Sun International shifts focus to address challenges more efficiently

Time Square at night. (Supplied)
Time Square at night. (Supplied)

Cape Town - Sun International [JSE:SUI] has shown an increase of 19% in total group revenue to R7.6bn, according to its unaudited interim results for the six month period ending June 30 2017, released on Monday.

Group earnings before interest, tax, depreciation and amortisation (Ebitda) for the period increased by 15% from R1.6bn to R1.9bn. Adjusted headline earnings of R206m are 29% below the comparable period with adjusted headline earnings per share down 29% to 198 cents.

Given the difficult trading conditions and a need to reduce high debt levels, the board decided not to declare an interim dividend.

The group reported that the growth in group revenue was attributable to the inclusion in the results of the Latin America-focused Sun Dreams (from June 1 2016), Sun Slots (formerly GPI Slots, from April 1 2016) and the Time Square casino complex in Pretoria (from April 1 2017).

Revenue generated by South African operations - excluding alternative gaming, international business, Time Square and the Morula Sun casino in North West - declined by 1.9% on a comparable basis. Ebitda generated by SA operations, however, declined by 9%, on a comparable basis.

The Sibaya casino in Durban, Sun City, Sun Slots and the Table Bay hotel produced encouraging results with solid Ebitda and revenue growth, according to the group report. Sun International CEO Anthony Leeming told Fin24 he is especially pleased with these results.

Leeming said the group's focus has shifted from a growth and investment phase to getting "back to basics". This involves aspects like a more internal look at service levels, cash flows, operational efficiency and better maintenance. It is also about innovation and better integration in order to be more efficient.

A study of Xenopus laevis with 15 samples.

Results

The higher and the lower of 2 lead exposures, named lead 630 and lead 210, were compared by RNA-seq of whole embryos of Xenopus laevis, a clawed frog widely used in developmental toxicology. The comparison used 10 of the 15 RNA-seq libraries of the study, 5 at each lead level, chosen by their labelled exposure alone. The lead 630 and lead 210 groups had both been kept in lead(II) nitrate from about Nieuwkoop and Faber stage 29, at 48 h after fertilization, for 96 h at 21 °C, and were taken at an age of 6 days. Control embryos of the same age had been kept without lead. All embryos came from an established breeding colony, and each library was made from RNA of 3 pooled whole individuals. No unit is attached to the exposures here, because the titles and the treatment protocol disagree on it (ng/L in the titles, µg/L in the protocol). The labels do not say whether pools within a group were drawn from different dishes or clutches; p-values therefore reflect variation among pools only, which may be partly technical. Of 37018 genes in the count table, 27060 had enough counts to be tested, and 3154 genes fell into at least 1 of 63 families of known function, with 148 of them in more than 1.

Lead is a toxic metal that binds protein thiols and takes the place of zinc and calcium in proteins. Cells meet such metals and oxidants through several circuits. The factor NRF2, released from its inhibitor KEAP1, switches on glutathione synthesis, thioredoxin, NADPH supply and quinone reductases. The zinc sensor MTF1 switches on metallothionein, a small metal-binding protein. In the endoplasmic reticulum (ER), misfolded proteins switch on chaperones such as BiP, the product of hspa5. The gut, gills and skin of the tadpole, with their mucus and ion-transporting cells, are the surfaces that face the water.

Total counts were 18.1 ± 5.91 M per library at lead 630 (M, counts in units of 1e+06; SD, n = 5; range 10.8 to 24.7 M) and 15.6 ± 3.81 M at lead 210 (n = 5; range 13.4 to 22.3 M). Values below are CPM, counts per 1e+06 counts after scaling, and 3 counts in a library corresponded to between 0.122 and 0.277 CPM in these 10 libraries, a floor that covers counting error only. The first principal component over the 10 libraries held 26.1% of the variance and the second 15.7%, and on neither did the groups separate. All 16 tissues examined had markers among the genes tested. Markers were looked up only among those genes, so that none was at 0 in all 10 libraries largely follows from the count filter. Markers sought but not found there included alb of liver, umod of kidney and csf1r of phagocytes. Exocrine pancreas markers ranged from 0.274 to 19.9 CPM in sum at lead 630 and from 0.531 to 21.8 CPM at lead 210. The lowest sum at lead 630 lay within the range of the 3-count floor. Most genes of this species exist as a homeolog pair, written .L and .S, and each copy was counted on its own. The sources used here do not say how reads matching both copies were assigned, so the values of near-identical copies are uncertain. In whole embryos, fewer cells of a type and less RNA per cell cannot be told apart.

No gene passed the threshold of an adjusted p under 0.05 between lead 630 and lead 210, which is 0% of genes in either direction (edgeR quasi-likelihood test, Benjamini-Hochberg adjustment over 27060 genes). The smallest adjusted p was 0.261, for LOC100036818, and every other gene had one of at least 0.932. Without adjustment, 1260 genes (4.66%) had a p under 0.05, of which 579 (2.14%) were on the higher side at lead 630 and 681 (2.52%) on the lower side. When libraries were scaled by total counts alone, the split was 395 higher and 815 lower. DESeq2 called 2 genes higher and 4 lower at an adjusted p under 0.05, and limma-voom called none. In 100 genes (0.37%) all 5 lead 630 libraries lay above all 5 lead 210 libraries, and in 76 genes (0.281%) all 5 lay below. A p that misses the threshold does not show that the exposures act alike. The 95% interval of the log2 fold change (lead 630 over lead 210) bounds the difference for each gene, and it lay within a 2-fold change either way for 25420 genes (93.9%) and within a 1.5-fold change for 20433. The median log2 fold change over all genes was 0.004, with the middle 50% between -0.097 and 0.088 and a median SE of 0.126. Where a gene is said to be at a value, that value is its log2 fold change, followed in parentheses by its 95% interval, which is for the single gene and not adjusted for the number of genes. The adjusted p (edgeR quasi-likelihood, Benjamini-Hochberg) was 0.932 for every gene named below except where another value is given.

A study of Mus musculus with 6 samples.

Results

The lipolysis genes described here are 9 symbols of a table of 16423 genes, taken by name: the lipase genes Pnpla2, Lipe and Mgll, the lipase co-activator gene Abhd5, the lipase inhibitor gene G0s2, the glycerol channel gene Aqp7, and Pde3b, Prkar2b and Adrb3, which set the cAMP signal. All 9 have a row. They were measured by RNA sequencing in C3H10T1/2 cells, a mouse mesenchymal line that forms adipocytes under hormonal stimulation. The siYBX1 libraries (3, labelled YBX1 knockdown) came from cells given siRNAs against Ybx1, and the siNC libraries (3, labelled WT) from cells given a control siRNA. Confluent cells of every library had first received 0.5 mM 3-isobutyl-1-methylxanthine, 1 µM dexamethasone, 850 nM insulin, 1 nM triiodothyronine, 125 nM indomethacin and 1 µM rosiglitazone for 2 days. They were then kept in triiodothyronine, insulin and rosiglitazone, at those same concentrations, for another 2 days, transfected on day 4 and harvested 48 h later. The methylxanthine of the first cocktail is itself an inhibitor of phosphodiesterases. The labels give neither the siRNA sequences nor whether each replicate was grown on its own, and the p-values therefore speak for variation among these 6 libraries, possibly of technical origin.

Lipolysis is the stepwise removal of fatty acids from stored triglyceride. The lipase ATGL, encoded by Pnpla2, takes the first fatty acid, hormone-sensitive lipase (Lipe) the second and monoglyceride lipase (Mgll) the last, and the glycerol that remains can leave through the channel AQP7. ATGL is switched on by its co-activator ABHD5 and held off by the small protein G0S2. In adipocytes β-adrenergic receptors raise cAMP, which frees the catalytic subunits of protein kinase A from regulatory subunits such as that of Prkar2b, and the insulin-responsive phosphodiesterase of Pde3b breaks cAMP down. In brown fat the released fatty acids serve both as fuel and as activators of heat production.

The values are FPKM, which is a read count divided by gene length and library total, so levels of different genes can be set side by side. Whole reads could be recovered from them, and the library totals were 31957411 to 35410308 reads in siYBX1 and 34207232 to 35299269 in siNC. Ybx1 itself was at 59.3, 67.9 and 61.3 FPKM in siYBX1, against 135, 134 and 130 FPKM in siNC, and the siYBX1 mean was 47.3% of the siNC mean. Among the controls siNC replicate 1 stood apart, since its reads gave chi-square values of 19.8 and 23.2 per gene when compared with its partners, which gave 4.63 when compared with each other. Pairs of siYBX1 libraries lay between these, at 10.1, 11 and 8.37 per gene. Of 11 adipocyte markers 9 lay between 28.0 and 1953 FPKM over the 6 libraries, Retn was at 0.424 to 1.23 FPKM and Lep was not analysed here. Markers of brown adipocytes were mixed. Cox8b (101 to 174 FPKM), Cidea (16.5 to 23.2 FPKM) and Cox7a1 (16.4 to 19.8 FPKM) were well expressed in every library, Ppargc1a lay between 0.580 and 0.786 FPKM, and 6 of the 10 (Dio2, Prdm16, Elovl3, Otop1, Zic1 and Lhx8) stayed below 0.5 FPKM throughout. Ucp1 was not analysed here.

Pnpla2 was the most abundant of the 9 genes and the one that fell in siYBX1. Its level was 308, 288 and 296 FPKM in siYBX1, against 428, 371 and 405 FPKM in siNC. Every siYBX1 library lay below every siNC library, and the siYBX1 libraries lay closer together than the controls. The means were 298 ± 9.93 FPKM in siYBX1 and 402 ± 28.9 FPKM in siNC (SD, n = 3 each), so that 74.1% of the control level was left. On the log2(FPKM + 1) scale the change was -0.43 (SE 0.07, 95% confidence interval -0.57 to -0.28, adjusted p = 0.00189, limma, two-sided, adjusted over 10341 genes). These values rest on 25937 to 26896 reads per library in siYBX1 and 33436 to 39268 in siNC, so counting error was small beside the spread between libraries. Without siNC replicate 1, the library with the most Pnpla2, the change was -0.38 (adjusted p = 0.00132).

"We have a priority to be good at everything we do. The weak SA economy means consumers are holding back on expenditure - even if they have money to spend," he told Fin24.

"We have done a lot the last few years to refurbish and maintain our properties. A lot of drivers are about offering the right entertainment and service levels and treating VIPs well. One has to make sure you can adapt and change where needed. We are doing that."


Over the past few years, Sun International has made a number of significant investments including developing Time Square in Menlyn, Pretoria; undertaking significant upgrades at Sun City; and acquiring a 70% equity interest in Sun Slots.

In South America it acquired a minority interest in Monticello, developed the Ocean Sun casino in Panama and the Sun Nao casino in Colombia and merged with Dreams in Chile.

All of these investments and acquisitions were funded with debt, resulting in a significant increase in the group's gearing levels, it said in the interim results report.

At the same time, the SA economy has deteriorated and business confidence has declined. This placed pressure on consumer disposable income, Leeming told Fin24.


Leeming said on a like for like basis gaming is down.

"The gaming side is difficult and disappointing in that sense. Other forms of gaming have, for instance, been introduced in SA over the last four to five years, impacting casino spend," he explained.

South America

In Chile, Sun International's biggest focus outside SA, trading has improved at most of the properties other than Iquique and Monticello. Iquique has been affected by strikes in the copper mining industry, for instance.

With the decline in commodity prices, the Chilean economy has also come under pressure although the outlook has improved over the past few months.

The Panama and Colombia operations continue to struggle and are not meeting initial expectations. The group has plans in place to downscale these properties, Leeming told Fin24. Certain assets might be disposed of and there could be an attempt to exit or reduce the term of the Colombia property lease.